Social Media Lies

How many people lie on social media? I’m starting to think it’s a lot more than I used to.

And I know that social media only really shows you the good stuff going on in someone’s life.

I know that I posted pictures today from Will’s second 5K. I didn’t write a diatribe about how he’s not getting paid this week and the stress of bills are weighing on me.

I showed the good and did not share the bad, just as I posted the best selfie we had taken and deleted the bloopers.

I understand the management of perception. What I don’t quite get is the out-and-out lies.

But I am starting to think that friends of mine use lies and/or absolute exaggerations on social media to get compliments and validation from others and to combat certain insecurities. Do you have people like this in your life? Or have I had a knack for attracting a certain type of person?

For example, last night, as I got a chance to sit down for a minute and unwind, I noticed this post from a friend of mine. She and I have been friends since preschool, but now, in our thirties, we don’t have much in common other than the fact that we have kids. In the past, I sort of accepted this as normal. You grow, you change—these things happen.

But this was the second post she made about someone “shaming” her for being a working mom. No descriptions of how this shaming was done. Just a general, abstract, I was shamed “boo hoo” post.

And the comments poured in. “You’re awesome!” “People need to mind their own business!” “Being a working mom is better for the kids, anyway.” “You are a strong, independent woman!”

But I just doubt anyone actually said anything. If not an out-and-out lie, my money is on the fact that my friend was feeling insecure and took something innocuous the wrong way.

In fact, I think I may have played a part in it. See, her son recently had an acute autoimmune response which put him in the hospital twice.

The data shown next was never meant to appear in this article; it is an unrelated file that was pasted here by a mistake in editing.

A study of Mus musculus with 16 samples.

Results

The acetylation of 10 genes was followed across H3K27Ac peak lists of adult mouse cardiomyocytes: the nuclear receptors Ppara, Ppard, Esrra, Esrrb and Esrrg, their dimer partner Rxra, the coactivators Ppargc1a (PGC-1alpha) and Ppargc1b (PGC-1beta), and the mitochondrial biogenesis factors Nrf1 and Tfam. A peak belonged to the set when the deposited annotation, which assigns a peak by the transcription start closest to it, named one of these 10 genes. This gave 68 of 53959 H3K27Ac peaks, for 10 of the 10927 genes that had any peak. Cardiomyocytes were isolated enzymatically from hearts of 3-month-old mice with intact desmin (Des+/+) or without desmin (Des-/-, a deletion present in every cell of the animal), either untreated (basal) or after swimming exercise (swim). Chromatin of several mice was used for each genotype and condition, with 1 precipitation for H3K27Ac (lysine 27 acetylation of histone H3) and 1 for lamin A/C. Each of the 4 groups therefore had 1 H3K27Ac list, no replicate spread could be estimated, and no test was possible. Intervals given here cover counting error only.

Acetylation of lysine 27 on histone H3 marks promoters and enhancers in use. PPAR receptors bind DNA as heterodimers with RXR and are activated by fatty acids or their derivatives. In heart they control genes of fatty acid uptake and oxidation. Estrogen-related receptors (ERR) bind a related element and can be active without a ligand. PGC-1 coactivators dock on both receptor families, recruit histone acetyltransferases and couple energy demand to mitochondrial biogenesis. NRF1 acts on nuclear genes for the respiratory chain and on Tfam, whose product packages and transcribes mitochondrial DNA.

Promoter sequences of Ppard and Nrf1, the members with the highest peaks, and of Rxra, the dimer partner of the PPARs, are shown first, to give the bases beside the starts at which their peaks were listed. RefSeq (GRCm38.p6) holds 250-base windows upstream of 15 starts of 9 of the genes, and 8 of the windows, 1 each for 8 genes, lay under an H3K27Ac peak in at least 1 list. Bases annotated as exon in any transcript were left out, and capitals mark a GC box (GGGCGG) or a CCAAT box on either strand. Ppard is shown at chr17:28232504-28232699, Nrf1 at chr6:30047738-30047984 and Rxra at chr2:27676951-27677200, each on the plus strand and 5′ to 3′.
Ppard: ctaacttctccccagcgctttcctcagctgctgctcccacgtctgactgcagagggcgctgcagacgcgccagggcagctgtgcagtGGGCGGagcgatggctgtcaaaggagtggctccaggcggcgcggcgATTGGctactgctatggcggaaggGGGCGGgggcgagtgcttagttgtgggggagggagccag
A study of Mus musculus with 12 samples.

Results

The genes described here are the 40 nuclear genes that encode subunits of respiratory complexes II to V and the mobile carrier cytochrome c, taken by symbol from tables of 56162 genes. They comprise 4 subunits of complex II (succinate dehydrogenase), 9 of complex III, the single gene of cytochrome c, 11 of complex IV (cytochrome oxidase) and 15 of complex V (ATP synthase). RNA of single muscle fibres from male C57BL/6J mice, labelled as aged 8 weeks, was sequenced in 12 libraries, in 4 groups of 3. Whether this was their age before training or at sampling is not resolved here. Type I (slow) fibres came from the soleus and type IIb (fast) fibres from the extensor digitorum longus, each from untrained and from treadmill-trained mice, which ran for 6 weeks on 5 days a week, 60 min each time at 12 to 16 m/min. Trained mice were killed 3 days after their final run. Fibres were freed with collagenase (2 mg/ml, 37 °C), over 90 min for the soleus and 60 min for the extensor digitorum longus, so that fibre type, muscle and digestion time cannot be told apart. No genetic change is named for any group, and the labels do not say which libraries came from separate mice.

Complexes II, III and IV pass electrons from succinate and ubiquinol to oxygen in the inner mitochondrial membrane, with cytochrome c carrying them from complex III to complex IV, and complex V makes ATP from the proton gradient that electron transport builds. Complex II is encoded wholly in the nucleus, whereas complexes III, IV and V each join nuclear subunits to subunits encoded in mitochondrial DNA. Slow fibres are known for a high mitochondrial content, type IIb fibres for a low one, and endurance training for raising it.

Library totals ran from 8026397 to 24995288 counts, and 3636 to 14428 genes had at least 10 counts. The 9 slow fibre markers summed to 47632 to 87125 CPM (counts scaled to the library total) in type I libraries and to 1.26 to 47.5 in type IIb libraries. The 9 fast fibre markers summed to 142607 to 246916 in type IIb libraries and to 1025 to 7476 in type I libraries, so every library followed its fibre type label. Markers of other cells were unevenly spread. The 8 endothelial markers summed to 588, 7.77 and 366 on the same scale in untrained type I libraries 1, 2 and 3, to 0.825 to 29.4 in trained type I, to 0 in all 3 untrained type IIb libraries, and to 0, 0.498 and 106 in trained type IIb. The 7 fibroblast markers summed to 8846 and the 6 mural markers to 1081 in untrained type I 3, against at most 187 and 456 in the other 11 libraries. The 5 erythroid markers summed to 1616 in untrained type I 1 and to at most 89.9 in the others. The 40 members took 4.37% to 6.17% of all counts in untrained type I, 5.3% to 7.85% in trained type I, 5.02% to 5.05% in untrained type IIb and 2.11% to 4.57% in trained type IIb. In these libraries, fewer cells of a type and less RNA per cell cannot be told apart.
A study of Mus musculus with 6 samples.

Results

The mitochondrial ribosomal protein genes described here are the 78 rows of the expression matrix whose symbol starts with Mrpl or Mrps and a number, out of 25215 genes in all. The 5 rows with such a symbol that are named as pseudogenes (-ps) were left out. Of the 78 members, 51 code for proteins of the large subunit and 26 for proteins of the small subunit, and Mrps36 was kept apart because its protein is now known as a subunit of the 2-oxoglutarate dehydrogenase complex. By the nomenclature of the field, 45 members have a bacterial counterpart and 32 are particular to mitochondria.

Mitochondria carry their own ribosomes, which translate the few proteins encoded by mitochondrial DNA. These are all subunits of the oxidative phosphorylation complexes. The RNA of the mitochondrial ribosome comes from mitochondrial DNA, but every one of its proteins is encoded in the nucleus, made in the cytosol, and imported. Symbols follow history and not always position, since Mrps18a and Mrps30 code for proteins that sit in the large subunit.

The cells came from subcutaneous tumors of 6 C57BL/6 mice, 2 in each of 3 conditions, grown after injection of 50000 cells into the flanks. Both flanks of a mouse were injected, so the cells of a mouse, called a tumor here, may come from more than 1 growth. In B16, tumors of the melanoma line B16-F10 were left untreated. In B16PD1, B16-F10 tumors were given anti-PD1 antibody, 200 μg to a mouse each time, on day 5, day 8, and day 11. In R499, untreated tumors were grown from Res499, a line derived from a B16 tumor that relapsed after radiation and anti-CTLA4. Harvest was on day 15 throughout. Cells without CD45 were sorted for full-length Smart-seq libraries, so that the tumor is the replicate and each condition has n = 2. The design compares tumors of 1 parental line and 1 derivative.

Knowing what I know about carbohydrates and sugar affecting immune responses in some people, I (after inquiring about how he was doing upon his return from the hospital) asked her if she had considered trying a low carb diet for him. Instead of asking questions or inquiring more, she told me her son was three and lived on carbs. My simple question was not appreciated.

As someone who has been exposed to more mind-opening information lately and who has first-hand experienced the big changes diet can make in a body, her unwillingness to learn more for her child’s well-being saddened me.

I hope, though, that his body does not respond that way again, and I hope that she doesn’t have to think about low-carb diets for her son’s health.

But I also suspect that her jab about how her she gives “her children proper nutrition” in her Facebook post about being shamed had something to do with what I said.

I think I hit a nerve.

And before learning more about nutrition, I used to give my daughter sugary yogurt snacks and goldfish and crackers. I always knew this was probably not best, but I didn’t know any other way.

When I asked if she had considered a low-carb diet for her son, I only wanted to help. It was not a shaming. I purposely only asked if she had considered it and mentioned I had heard good things about low-carb and autoimmune. I purposely phrased it in a way that wouldn’t sound preachy or pushy.

So what else had someone said that sent her over the edge?

My question is, how quick are we to think we’re being shamed? And how often do we fabricate and/or exaggerate being shamed to get those feel-good responses on Facebook? And are we doing this much more often than both prior to and in the early days of social media?

And are working moms being shamed? Have I missed something in my life experiences to make me doubt this is happening?